Ever see that commercial where a man is leaning in a car talking to a small girl who is in the driver’s seat and he is giving her instructions about driving? It is a great commercial told from the father’s point of view as he is watching his daughter drive away by herself for the first time.
I’m here to tell you that his fears are well founded according to a new study released by the AAA Foundation.
The new report that found that the most dangerous time for new drivers is the first month of unsupervised driving. A seven year study of crash rates of teen drivers in North Carolina indicated that new drivers are 50% more likely to crash in that first month than after a full year of experience driving on their own, and are nearly twice as likely to crash as they are after two full years of experience.
Of all of the crashes in which teens were at least partially responsible, 57 percent could be attributed to failure to reduce speed, inattention, and failure to yield during that first month of driving.
When researchers looked at specific types of crashes in relation to how long the driver had been licensed, they found that some types of crashes occurred at relatively high rates at first and declined particularly quickly with experience. For example, crashes involving left hand turns were common during the first few months of driving but declined almost immediately. The high initial rate and subsequent steep decline in certain types of crashes appeared to reflect teens’ initial inexperience followed by rapid learning. Crash types that did not decline as slowly suggest that they result not from lack of understanding, but from failure to master certain driving skills.
A few years ago I served on a task force for Secretary of State Terry Lynn Land representing the Michigan Association of Chiefs of Police. Our task was to develop a proposed policy that could be written into legislation improving the driver education program in Michigan. That legislation has since become law–good law, I believe. It was a large group representing the many interest groups including driver training companies, schools, police (me), MDOT and many others. Given my experience as a police officer, I argued extensively for an increase in supervised driving time for new drivers. And I’m glad to report that the law did increase the required supervised time. This study points out that although drivers can increase that supervised time there is a period of time when they simply have to learn on their own. Clearly it is a very dangerous time.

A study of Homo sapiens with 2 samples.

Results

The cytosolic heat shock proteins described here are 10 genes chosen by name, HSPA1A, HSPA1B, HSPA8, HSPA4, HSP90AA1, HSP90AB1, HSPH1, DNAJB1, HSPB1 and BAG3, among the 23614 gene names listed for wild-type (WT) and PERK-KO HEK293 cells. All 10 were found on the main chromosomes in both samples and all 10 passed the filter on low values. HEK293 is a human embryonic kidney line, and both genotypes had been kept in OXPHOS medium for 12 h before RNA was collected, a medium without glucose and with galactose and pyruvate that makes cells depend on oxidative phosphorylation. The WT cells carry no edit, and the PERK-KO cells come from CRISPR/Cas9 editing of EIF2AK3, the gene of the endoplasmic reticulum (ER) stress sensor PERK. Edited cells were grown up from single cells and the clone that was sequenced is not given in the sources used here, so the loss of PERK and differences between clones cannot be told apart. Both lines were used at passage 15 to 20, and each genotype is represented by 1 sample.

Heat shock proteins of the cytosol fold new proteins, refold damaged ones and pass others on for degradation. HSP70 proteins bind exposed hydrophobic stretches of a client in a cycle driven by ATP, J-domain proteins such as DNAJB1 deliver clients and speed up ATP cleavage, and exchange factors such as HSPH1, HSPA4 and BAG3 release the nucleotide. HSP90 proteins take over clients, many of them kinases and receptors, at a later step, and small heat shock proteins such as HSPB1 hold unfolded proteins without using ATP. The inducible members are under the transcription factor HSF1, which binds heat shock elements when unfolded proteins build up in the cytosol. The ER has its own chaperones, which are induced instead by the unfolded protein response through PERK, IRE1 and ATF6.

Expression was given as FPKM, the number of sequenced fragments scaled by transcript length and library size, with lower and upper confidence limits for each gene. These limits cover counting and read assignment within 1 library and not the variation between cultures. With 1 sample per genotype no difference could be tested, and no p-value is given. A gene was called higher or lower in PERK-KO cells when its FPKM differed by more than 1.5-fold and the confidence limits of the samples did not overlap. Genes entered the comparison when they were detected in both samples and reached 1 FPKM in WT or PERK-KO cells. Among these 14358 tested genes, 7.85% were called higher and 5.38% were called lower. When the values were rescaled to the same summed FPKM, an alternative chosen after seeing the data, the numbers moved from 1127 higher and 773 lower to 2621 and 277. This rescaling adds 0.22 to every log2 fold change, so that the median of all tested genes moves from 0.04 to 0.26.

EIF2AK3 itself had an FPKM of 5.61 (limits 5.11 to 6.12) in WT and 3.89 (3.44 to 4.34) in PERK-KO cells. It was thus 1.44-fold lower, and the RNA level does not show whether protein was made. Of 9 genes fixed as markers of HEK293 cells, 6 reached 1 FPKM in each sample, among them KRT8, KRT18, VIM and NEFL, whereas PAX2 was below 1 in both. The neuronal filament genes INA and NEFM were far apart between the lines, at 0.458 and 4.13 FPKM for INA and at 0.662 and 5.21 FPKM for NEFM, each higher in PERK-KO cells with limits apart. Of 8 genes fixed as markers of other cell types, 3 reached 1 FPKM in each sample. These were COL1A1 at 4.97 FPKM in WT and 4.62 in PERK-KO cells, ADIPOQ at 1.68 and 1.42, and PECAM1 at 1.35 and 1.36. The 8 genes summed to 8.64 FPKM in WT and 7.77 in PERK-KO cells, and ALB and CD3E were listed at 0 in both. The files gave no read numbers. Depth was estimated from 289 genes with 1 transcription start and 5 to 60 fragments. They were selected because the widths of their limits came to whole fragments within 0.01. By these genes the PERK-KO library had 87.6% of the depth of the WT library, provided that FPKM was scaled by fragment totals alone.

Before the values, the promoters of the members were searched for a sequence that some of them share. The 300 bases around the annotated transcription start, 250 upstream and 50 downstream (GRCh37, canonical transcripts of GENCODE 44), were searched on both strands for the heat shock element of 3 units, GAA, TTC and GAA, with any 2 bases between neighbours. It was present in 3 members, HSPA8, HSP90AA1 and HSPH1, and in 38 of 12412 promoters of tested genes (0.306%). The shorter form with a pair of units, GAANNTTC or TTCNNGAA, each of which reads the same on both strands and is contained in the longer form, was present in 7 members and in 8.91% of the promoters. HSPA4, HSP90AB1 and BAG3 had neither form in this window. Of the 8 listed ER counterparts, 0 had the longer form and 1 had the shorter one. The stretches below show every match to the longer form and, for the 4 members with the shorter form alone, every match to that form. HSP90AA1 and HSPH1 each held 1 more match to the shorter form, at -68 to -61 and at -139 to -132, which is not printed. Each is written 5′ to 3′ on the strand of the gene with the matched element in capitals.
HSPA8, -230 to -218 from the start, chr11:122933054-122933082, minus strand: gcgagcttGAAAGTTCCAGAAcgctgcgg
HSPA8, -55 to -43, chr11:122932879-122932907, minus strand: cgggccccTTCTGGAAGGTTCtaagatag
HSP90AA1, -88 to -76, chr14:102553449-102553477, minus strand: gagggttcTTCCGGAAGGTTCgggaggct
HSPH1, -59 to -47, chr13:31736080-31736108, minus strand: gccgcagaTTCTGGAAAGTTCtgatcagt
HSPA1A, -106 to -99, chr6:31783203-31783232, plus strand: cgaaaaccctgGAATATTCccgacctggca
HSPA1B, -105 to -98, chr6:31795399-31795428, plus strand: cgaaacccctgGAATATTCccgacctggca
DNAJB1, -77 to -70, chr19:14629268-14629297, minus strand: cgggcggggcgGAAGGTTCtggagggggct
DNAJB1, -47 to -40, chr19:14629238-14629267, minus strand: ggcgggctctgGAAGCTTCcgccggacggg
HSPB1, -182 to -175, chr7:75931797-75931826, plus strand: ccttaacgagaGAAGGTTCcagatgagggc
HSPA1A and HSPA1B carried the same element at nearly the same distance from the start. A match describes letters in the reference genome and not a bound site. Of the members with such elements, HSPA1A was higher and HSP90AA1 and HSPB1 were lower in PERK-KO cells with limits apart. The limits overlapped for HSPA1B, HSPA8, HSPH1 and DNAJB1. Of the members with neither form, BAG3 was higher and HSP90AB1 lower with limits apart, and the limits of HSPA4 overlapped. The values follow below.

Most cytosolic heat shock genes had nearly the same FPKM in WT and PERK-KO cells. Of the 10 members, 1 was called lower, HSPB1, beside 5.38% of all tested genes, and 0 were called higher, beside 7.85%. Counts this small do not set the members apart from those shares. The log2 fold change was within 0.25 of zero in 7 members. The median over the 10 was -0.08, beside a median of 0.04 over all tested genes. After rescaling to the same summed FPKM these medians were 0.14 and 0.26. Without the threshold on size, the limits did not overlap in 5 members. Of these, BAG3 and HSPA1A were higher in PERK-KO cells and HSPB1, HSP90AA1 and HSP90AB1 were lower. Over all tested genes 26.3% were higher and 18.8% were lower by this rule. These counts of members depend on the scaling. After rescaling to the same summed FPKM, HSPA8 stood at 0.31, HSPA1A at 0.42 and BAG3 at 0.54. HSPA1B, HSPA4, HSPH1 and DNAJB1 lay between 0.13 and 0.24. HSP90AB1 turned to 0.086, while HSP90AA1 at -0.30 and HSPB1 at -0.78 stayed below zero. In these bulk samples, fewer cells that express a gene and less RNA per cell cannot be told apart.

But for all you nervous parents out there I’d like to offer these tips from AAA:
- Practice, practice, practice: Once teens have their actual license, continue to practice together to ensure that basic skills are mastered and to introduce varied driving conditions (snow, heavy traffic, rural roads) with an experienced driver in the passenger seat.
- Keep passengers out: Teen drivers’ crash risks multiply with teenage passengers in the vehicle. Set limits and enforce them consistently.
- Limit night driving: Reduced visibility makes night driving riskier for drivers of all ages. For inexperienced teens, it’s even harder. Allow new teen drivers to drive at night only if truly necessary or to practice with a parent.
- Keep setting rules: Parents can – and should – set and enforce rules above and beyond their state laws. In addition to night and passenger limits, set rules for inclement weather, highways, cities, or other driving conditions in which a teen has not gained enough experience. Find a parent-teen driving agreement on TeenDriving.AAA.com that can help.
For further information, AAA has a great website customized to Michigan with tips and ideas for families with new drivers. Check it out here.